New Zealand has had a lucky break.

We have come through a phase of rapid economic growth without generating any serious spike in inflation. The Reserve Bank can leave rates lower for longer allowing the economy to keep growing even as it takes a hit from falling dairy prices.

That's not to say the dairy price fall is a good thing. It probably would have happened regardless but a number of other factors have shifted in international economics and most of those have been what a sailor might call fair winds.

I liked Westpac chief economist Dominick Stephens' "Houdini act" analogy - although you could argue that Houdini didn't leave as much to chance as New Zealand does.


China's economy has remained relatively buoyant. Of all the slowdown stories over the last year or so the track that China has taken is surely one of the more benign.

The US has continued its slow recovery - despite all the political weirdness that has seen Obama himself become so unpopular.

The Federal Reserve has stopped short of signalling an end to stimulus but it has ended quantitative easing - a six year, US$4.5 trillion programme of bond buying which has poured cash into the economy and weakened the greenback.

That's caused the US dollar to rise slightly and ours to fall - not yet to levels that will greatly cheer our exporters but a step in the right direction.

That swing of the currencies on the US recovery has been a slower process than anyone would have wanted but in a sense the delay has not been so bad for NZ. Any sooner and it would have poured fuel on an economy that was showing signs of overheating.

Rates would have had to move sooner and would have been at higher levels than those at which they have now paused.

Now the US recovery effect kicks in just as the rate of growth starts to slow here.

On Wall Street a late-September, early-October slump has reversed as US corporate earnings season proved a solid one.


The local NZX market has broadly followed clocking up a series of eight record closing highs last week.

And still inflation has not taken hold. There is downward price pressure on almost everything except property - which remains a socially and demographically driven phenomenon in our biggest cities.

That said, the Reserve Bank's Loan to Value Ratio (LVR) bank lending restrictions have been more successful than many had predicted. They have given the market a pull in the right direction and it does seem to have slowed at least relative to its recent peak.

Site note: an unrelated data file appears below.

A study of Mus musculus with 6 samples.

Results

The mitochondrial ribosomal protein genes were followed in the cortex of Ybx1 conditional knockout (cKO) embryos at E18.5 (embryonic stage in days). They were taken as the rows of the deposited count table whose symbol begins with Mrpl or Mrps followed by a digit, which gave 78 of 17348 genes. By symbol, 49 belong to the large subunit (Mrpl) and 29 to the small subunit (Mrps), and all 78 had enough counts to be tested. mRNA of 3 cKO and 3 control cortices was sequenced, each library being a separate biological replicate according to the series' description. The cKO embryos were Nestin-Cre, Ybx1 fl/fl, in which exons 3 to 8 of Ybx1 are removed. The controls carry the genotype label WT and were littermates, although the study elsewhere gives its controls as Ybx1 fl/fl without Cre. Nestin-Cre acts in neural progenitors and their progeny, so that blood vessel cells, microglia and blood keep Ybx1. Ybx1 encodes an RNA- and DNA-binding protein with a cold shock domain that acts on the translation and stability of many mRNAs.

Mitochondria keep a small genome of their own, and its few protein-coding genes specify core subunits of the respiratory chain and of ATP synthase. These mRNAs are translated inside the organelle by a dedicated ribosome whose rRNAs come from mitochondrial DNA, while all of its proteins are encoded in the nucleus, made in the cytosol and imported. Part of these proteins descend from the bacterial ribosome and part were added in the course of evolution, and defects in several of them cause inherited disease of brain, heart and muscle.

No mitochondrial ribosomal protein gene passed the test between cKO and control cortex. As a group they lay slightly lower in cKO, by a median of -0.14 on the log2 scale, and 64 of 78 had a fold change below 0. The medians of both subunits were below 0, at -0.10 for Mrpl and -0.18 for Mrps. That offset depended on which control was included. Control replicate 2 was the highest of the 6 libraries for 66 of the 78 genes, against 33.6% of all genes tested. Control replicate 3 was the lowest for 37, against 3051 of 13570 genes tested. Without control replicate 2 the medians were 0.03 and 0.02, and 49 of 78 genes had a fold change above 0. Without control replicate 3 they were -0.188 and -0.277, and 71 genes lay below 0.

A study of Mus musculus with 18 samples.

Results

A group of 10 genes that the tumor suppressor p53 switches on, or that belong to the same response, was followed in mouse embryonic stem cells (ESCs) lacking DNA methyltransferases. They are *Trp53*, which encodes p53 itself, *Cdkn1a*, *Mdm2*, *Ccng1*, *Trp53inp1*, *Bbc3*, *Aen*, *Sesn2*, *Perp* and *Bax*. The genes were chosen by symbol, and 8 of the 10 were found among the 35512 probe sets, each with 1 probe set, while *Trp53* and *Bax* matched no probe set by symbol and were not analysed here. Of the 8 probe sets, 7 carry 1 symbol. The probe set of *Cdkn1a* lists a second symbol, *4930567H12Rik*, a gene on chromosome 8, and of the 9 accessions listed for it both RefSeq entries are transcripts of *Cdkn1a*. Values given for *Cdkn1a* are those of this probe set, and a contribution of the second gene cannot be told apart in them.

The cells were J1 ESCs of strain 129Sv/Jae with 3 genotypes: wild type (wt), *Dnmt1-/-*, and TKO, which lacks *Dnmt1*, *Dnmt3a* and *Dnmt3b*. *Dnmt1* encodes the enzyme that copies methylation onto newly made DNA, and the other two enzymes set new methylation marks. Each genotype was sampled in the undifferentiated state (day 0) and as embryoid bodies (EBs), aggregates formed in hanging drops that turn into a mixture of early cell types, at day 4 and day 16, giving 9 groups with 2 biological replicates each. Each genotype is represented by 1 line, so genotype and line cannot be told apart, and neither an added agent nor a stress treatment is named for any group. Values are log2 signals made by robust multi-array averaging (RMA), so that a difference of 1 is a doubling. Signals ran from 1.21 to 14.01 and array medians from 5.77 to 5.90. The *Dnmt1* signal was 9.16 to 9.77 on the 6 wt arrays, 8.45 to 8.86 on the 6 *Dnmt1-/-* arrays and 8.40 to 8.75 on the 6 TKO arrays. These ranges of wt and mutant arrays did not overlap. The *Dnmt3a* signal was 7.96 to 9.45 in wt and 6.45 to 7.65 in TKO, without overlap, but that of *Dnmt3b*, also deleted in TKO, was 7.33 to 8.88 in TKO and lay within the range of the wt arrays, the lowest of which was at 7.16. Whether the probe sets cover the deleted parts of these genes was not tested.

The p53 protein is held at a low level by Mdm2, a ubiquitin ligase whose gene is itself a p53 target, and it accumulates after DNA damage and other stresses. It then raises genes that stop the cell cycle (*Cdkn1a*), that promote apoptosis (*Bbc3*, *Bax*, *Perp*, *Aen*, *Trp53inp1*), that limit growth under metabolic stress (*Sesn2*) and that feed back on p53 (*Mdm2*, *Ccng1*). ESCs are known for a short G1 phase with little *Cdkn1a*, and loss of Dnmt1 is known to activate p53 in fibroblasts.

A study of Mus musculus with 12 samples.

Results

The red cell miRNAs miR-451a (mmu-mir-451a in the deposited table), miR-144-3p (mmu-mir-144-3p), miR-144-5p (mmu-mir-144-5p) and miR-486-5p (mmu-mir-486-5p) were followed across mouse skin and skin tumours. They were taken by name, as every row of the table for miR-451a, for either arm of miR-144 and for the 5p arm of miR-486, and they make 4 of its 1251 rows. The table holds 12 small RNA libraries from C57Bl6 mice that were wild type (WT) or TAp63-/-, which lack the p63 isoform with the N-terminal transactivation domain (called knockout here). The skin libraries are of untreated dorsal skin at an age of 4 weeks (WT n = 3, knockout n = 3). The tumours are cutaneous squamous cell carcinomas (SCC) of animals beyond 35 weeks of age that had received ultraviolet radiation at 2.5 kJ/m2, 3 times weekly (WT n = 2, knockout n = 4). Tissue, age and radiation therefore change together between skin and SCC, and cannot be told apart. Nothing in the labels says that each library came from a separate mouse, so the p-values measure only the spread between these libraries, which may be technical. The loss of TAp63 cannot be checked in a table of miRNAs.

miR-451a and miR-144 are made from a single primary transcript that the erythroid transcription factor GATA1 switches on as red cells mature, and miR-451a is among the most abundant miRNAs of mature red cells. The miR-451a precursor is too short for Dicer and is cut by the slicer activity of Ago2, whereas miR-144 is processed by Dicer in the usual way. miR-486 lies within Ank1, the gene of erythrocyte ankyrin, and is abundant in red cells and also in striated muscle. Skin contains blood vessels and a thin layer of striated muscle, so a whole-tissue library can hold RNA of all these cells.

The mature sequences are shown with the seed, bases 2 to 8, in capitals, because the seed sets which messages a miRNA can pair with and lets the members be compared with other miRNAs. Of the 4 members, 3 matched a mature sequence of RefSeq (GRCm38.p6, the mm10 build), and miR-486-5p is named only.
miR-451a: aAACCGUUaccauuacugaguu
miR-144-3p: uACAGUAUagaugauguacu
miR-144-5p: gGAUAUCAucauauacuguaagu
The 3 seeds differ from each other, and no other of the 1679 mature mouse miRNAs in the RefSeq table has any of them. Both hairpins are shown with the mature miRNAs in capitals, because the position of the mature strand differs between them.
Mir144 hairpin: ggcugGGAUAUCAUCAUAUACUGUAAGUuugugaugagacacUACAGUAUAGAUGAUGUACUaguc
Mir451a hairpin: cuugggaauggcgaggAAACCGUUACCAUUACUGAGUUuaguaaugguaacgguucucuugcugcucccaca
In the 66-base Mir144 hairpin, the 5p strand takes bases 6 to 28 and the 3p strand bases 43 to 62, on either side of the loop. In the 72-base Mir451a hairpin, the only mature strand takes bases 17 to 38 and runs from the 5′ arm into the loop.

Globally oil prices have slumped for a variety of reasons which is offsetting our lower dollar and keep pump price here stable and relatively low. All these things have conspired to buy us more time before there is a need for rate hikes.

Despite the deflationary talk it is hard to see rates staying this low forever. And it is worth remembering that if they did it would be an unfortunate outcome because that kind of stasis in the economy would make us poorer.

A deflationary environment is not one in which investors take risks and therefore it is not a great environment for new business and new technology to thrive. New Zealand does need that kind of growth to transform and diversify its economy. It needs it to create jobs and raise wages.

Just look at Japan, still a very wealthy and successful nation, but which at a global level has ceded the crown as Asia's innovation leader to South Korea, home of brands like Hyundai and Samsung.

Japan's export economy had the puff knocked out of it by deflation.

Some of that must be demographic. Japan was ahead of the curve with its aging population.

But America, Canada, Australia, New Zealand and much of Western Europe are following.

That ought to give us some foresight to tackle deflationary issues early and avoid some the mistakes made in Japan.

We know already that we can't afford to rely on our domestic economy, unsupported by export growth.

We simply have to borrow too much to maintain our way of life and we put ourselves at risk of blowing the whole economy by spooking international lenders.

It is sobering to remember that right now, despite the slowdown talk, we are still very much in the sweet spot in terms of dairy boom cash flowing through our economy.

We need to be prepared for the effects of the slowdown next year.

The same rule applies now as it did 12 months ago when growth was accelerating. We must make the most of the good times to strengthen and diversify our economy so we aren't acutely exposed to the fall of one commodity price.

And so that we are well placed to weather the global economic storms - which will never stop coming.